The Freedom to Be Unfree

IT SEEMS CLEAR THAT THE UNREST in a dozen Middle East countries does not bode well for the West. When the images of demonstrators first started appearing in the media, I wanted to believe that the people marching in the streets in Cairo, Tripoli, and Bahrain were marching for political freedom. After all, they all lived under cruel, repressive regimes. Some governments had military rule (Egypt), others maintained power by bribery (Saudi Arabia), and others by sheer anti-Americanism (Libya). Did not all these autocrats deserve to be overthrown?

Perhaps. Having traveled in the Middle East, I have seen first-hand the culture there and, suffice it to say, it is more elementary school than graduate school. Though the union protestors in Madison screamed like spoiled children, violence did not break out, even when anti-protestor-protestors met them face-to-face. In America, for the time being, it appears we still can have confrontations without gunfire.

But in these repressive Middle East regimes, it takes incredible courage to face down soldiers who have no qualms about shooting you. The people in these countries must really want freedom, right?

Yes, but freedom to do what? That’s the important question.

Commentator Mark Steyn mentioned that he’d seen a series of photos of female graduates of Cairo University, taken between 1950 and 2009. In the earliest photo, the women wore poodle skirts and tight sweaters to their graduation exercises, just like their counterparts in America. In the 70s, they likewise sported jeans and peasant blouses. But in the 1990s, there were no bare arms and legs, and by 2009, all the women wore hijabs covering their hair and heads. That fashion detail alone indicated to Steyn that the Arab world is growing ever more religious. His comment made me look for women in the demonstrations. I saw very few and those I did see were completely covered.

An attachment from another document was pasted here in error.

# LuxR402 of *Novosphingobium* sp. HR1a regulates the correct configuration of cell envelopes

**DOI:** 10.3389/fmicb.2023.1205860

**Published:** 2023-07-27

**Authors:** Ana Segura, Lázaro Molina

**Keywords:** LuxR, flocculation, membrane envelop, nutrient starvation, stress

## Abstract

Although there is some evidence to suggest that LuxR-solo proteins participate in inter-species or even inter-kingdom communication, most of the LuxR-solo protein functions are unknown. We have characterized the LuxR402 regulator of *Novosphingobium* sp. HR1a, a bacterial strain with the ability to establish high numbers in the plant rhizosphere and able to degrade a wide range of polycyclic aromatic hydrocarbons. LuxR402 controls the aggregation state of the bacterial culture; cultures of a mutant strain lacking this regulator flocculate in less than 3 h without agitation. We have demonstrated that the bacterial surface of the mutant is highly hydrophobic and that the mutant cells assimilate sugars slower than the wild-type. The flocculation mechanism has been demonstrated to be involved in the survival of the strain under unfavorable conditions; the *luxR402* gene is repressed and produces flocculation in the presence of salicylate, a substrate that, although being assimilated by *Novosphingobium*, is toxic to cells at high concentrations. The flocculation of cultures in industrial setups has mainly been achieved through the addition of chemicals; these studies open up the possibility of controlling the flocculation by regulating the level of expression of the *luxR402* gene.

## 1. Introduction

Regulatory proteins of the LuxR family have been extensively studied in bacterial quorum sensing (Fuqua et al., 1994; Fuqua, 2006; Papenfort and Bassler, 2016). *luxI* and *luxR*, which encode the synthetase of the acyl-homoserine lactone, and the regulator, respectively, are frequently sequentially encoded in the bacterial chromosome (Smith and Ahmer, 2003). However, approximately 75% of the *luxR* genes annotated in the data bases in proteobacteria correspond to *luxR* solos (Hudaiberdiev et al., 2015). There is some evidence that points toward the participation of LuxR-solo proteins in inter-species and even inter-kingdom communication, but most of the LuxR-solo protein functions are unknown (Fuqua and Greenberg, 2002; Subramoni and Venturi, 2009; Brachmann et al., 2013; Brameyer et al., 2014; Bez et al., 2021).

The Muslim Brotherhood, a key instigator of the demonstrations in Libya and Egypt, states explicitly that it will work within existing political systems for as long as practicable, but violence is always an option. (You’ll recall that the Brotherhood was a fertile petrie dish for the men who planned 9/11.) That same Brotherhood will have a powerful position in the new government of Egypt, so say all political commentators.

I was dismayed at Obama’s response to the demonstrations. Remember he completely ignored the “Green Revolution” (a true quest for freedom) in Iran in 2009, but quickly decided that Mubarak must go, dismissing our thirty year relationship with Mubarak, who has honored the treaty with Israel made by his predecessor Anwar Sadat and kept the Suez Canal open and functioning for all that time. Mubarak was a tyrannical despot, but I’m reminded of what FDR said in the 1930s when he was chided for supporting the dictator of Nicaragua, Anastasio Somoza: “Sure, he’s a son of a bitch,” said Roosevelt. “But he’s our son of a bitch,” which is a restatement of the famous Arab proverb, “The enemy of my enemy is my friend.”

We live in a dangerous world. We have no friends; we have temporary allies. To see the world in any other way is foolhardy. And yet when a true enemy of the United States, the madman Muammar Ghadaffi, is challenged by his countrymen, Obama takes almost two weeks to take sides. Ghadaffi was behind the murder of Americans on Pan Am flight 103, which crashed in Lockerbie, Scotland. It seems you can almost set your compass by Obama’s response to any crisis: whatever he does or says is the exact opposite of what should be done and said.

I believe Arabs throughout the world want more freedom, but the freedom they desire is apparently the freedom to live under a theocracy which will institute sharia law, with beheadings for marital infidelities and terror against the West in order to comply with the Koran’s mandate to convert, subjugate, or murder unbelievers. In short, it is reasonable to believe that Iran is the sort of country most of the people in the streets from Algeria to Pakistan desire, and that cannot be good for Western interests.

But as usual, Obama lives in a make-believe world where all people want American-style freedom. Sadly, his world is not the real world, where you and I live.

Imagine a single Muslim caliphate stretching from Morocco to Pakistan. Now imagine it with nuclear weapons and tell me you wouldn’t prefer Mubarak and even Ghadaffi still in power.